Snowy Plovers returning to restored Humboldt Bay South Spit habitat

Plovers on the Beach. BLM photo

Bureau of Land Management

ARCATA – For nearly two decades, Bureau of Land Management staff in Arcata have been grooming beach habitat to encourage nesting by western snowy plovers, small shorebirds that are listed as a threatened species. For much of that time, BLM staffers were disappointed when the birds ignored the new nesting areas.

 That all began to change in 2016, when increasing numbers of fluffy, spotted plover chicks began appearing on the restored habitat beaches of the Mike Thompson Wildlife Area, South Spit, Humboldt Bay. The staffers were thrilled at the end of this year’s nesting season, when 37 chicks fledged on BLM’s South Spit habitat. It was a record year.

 “A line from the movie Field of Dreams says, ‘if you build it, they will come,’ and we are happy to be realizing that spirit of optimism,” said Molly Brown, manager of the BLM Arcata Field Office. “The South Spit fledglings represented more than 50 percent of the chicks fledged during the 2019 breeding season in a snowy plover recovery area that includes beaches in Del Norte, Humboldt and Mendocino counties. A total of 58 chicks fledged in the entire recovery area, up from 48 a year ago.”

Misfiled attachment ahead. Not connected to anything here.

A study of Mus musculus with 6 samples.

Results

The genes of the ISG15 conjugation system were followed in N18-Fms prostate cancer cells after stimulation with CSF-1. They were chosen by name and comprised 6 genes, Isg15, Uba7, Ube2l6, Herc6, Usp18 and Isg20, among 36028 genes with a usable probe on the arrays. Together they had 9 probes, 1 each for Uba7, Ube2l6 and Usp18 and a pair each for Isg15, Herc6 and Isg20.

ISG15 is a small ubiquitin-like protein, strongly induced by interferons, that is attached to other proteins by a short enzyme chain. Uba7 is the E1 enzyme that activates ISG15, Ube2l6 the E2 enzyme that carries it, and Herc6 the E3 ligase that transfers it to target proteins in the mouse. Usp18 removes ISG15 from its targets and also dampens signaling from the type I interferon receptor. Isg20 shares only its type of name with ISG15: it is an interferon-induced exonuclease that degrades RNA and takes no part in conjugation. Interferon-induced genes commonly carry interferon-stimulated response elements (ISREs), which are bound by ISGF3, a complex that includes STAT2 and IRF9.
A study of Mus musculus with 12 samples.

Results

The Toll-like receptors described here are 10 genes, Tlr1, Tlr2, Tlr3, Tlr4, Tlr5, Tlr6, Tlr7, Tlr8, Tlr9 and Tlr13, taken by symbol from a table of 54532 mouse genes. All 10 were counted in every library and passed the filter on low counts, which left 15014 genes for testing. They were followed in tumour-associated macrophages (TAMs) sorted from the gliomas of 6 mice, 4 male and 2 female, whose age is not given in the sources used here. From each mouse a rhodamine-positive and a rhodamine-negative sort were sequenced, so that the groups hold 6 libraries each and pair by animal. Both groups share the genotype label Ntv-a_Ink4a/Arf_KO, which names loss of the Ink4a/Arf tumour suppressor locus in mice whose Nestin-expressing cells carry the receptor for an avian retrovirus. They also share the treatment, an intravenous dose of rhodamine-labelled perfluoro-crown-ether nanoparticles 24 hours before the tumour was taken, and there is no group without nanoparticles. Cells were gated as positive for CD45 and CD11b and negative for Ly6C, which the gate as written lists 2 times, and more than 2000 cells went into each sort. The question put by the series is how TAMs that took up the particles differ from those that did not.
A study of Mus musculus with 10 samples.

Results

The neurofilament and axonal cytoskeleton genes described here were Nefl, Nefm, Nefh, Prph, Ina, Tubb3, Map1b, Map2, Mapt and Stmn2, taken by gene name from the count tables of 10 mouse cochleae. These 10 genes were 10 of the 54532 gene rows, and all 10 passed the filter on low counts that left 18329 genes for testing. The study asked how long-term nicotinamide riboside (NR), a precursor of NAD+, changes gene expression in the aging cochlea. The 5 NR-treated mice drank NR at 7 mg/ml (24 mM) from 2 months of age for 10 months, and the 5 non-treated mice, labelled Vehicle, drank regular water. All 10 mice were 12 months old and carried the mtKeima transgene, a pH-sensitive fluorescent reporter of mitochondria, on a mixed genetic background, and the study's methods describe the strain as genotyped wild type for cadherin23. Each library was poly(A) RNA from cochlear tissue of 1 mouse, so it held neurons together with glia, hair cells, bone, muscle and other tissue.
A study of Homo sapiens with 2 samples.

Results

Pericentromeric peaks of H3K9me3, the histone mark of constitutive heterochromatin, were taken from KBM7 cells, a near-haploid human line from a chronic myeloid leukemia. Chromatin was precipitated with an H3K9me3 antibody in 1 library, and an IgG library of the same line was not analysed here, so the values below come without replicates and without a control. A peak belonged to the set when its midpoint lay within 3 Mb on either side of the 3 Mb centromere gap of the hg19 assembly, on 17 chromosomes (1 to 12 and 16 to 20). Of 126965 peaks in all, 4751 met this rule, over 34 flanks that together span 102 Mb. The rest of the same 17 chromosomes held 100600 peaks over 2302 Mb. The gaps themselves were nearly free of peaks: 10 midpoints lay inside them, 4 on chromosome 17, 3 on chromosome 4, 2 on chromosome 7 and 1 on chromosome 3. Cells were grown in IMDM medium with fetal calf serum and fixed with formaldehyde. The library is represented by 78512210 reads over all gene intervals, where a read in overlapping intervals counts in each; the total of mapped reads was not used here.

Brown noted that Humboldt State University’s wildlife department and Dr. Mark Colwell, Ph.D. have been critical partners along with the Humboldt Bay National Wildlife Refuge. 

 The Mike Thompson Wildlife Area, South Spit, Humboldt Bay offers miles of nearly deserted beaches about 15 miles southwest of Eureka, Calif. While access is restricted within snowy plover areas during nesting season, the spit provides Pacific Ocean beach access. Marshes on the bay side of the spit support waterfowl.

 The BLM manages more than 245 million acres of public land located primarily in 12 Western states, including Alaska. The BLM also administers 700 million acres of sub-surface mineral estate throughout the nation. Diverse activities authorized on these lands generated $96 billion in sales of goods and services throughout the American economy in fiscal year 2017. These activities supported more than 468,000 jobs.